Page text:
What I'm re-reading #3: Harry Potter And The Philosopher's Stone
I have read this series many times, mainly because it's my comfort reading, like the books of Tolkien, Kerry Greenwood and Terry Pratchett. I know how it's going to end. I know for sure that Snape is a tormented good guy, not a villain (but then I suspected this from the second book onwards, though I must admit, I never suspected why he was with the Forces of Light and I still can't see any hints during the series, but other fans did).
And now I am back at the beginning, back where Harry, the "male Cinderella" (a term we used in second year Middle English Literature at Monash University)discovers the truth about his heritage. I did suspect, even then, that his aunt Petunia was simply jealous of her sister and resented her gifts. I was right about that.
I remember buying this one at the Children's Book Week Fair after it had been recommended to me by Alison Goodman, a fellow writer who has gone on to do a lot better than me in the world of speculative fiction. We were both on the committee of Aussiecon 3, the last Melbourne World SF Convention, and used to chat on the way to meetings.
I enjoyed it enough to buy the next one when I saw it. By Prisoner of Azkaban I had begun to realise that this was going to be more than just another children's series. Already we had a world where an innocent man, such as Sirius Black and even the lovable Rubeus Hagrid, could be imprisoned and tortured by nightmarish creatures on the Minister's say-so. Not to mention that the word "democracy" doesn't seem to be in the vocab of the wizarding world.I knew now that there was slavery in the wizarding world that seemed so glamorous in the first novel. And I was never easy with the casual way in which animals were turned into inanimate objects by the wizards. I mean, why would you need to turn a living animal into a pin cushion?
But mostly, I wondered about the life of a teenager in Harry's world. Think about it: if you're a young wizard, you may be able to do magic (but not at home!) but you can't hang around the mall, except on occasional visits to Hogsmeade. You can't go on Facebook or Myspace or Livejournal. Your probable only source of clothes is Madam Malkin's Robes - hardly the height of fashion!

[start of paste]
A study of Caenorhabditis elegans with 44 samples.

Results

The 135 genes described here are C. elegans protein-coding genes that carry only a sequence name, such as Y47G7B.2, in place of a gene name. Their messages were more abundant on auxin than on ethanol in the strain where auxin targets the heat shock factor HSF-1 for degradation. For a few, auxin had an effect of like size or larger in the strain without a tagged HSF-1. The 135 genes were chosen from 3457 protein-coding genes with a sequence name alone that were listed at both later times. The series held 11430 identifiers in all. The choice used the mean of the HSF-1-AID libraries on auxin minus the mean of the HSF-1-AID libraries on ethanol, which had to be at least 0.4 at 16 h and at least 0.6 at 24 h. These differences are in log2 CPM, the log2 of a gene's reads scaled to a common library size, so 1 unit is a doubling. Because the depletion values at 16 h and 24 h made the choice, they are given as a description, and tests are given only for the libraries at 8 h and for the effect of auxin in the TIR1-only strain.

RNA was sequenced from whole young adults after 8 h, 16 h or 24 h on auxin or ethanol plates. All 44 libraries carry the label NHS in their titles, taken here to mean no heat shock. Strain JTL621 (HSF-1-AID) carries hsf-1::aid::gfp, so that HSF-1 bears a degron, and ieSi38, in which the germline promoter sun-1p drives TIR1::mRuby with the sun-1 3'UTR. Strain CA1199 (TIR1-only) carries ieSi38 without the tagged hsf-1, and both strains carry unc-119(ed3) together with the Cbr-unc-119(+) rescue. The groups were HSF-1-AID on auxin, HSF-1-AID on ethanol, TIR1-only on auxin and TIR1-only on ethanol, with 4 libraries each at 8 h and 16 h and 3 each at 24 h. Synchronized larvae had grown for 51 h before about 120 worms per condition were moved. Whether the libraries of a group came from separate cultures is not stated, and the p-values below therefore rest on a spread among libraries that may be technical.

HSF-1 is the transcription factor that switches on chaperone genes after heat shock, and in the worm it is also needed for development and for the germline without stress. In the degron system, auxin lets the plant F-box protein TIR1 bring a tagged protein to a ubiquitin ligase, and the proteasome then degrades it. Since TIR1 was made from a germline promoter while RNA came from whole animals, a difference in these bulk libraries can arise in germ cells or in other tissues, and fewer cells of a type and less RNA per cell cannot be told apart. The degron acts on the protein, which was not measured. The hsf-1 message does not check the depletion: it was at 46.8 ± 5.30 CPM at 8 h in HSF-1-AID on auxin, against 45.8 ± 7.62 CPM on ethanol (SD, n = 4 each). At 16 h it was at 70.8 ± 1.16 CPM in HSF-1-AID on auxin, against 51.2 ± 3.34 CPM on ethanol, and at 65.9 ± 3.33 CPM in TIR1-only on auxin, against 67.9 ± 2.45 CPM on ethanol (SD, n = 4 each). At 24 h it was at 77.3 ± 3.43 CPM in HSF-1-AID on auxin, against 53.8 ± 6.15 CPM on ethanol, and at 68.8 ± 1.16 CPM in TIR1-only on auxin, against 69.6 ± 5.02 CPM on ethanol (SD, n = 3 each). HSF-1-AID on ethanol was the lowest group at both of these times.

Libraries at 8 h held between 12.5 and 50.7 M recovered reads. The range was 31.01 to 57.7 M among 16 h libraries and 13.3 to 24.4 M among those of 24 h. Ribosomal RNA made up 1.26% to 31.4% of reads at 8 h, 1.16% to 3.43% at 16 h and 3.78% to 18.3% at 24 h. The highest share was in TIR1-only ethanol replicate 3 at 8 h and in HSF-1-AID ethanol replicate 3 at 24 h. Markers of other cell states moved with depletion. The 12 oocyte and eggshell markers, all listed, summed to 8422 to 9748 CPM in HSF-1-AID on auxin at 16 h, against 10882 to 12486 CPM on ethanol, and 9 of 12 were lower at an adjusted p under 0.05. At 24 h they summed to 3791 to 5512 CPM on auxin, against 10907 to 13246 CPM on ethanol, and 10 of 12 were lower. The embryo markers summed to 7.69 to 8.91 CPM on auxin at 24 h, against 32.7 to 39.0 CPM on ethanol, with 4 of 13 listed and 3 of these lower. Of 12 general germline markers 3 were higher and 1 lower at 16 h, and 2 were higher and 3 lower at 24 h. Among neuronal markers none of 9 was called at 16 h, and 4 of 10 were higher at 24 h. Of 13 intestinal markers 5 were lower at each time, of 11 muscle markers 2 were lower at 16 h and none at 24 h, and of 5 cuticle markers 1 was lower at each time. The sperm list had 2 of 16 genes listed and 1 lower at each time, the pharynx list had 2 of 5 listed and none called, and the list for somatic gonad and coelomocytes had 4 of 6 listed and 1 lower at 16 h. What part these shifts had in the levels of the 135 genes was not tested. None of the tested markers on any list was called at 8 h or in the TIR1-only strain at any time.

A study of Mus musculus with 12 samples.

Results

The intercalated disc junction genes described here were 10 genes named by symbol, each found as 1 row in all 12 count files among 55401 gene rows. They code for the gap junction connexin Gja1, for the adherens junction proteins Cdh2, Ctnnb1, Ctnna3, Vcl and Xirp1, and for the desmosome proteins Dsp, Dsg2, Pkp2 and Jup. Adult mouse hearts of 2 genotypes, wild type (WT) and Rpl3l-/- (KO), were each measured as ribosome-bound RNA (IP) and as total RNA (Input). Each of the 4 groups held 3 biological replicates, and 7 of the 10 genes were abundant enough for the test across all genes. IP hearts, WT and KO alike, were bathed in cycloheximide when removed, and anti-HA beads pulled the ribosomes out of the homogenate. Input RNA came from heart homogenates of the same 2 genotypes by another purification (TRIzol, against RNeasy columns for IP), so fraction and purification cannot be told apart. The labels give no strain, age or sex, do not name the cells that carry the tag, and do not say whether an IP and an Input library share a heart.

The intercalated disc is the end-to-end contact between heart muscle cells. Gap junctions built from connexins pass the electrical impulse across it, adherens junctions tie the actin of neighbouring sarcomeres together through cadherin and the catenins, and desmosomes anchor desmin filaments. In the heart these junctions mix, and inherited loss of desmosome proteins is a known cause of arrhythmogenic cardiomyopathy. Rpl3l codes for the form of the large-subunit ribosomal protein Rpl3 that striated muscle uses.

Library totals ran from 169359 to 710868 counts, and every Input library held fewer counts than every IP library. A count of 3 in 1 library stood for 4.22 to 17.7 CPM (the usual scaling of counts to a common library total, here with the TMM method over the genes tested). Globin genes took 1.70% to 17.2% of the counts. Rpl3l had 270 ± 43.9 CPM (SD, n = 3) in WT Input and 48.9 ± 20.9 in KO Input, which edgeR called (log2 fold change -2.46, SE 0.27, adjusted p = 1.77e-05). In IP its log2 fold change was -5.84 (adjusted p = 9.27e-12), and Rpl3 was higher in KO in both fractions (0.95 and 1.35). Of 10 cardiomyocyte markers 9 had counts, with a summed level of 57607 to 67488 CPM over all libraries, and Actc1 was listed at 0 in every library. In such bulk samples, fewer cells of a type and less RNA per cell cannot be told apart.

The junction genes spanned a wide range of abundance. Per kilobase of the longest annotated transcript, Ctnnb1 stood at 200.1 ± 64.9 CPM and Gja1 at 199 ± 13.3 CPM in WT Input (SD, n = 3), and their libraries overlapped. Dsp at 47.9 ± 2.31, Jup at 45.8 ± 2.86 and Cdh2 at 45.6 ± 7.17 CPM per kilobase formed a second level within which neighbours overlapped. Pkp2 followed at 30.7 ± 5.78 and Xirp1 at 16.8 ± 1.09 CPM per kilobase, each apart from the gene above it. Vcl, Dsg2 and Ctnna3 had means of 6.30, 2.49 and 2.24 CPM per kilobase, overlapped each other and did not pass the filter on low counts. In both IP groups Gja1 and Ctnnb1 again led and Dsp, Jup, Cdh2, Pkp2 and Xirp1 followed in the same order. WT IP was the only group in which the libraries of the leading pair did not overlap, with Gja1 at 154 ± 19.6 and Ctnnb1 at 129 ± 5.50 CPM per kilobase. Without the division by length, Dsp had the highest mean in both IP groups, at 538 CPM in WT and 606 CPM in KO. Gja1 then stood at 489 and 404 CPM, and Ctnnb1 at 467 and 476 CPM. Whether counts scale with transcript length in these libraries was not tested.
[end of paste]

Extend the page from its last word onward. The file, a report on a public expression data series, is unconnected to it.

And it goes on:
And forget about being on the phone with your friends for hours on end - not unless you want to kneel in the fireplace with your head stuck in among the ashes. Eeew!
It is indicated in the novels that there are wizarding rock musicians and maybe even that they have concerts, but you'd probably have to go by Floo Powder or with your parents or on your broomstick if they trust you, because the wizarding community is small and scattered and you can't do Apparition till you're seventeen.
And you can probably only hear them play, the rest of the time, on the same radio station as Celestina Warbeck, that star of the sixties! No doubt there's wizarding technology of which we haven't heard, but the thing is - we haven't heard of it, right?
No TV. No movies unless you sneak off to the local Muggle cinema. Probably Fred and George do. But it's not a part of wizard culture and I suspect parents who would rather not take a chance on having Muggle neighbours find out about their world get very stroppy if their kids do this.
As a teacher-librarian, I don't envy Madame Pince, who, with no computers and not even typewriters, must have to put up with hand-written card catalogues and seems to be working day and night, every day but Christmas Day, alone. If she has a budget and a collection policy, we never hear about it. And getting back to the teens, imagine her reaction if some Hogwarts student wanted to read Twilight or Dolly Magazine instead of spellbooks!
No, thanks, I'm glad I was not brought up in Harry's world. But I do love reading about it. And as an adult I love the references to folklore and alchemy in even the first novel. I intend to keep re-reading them.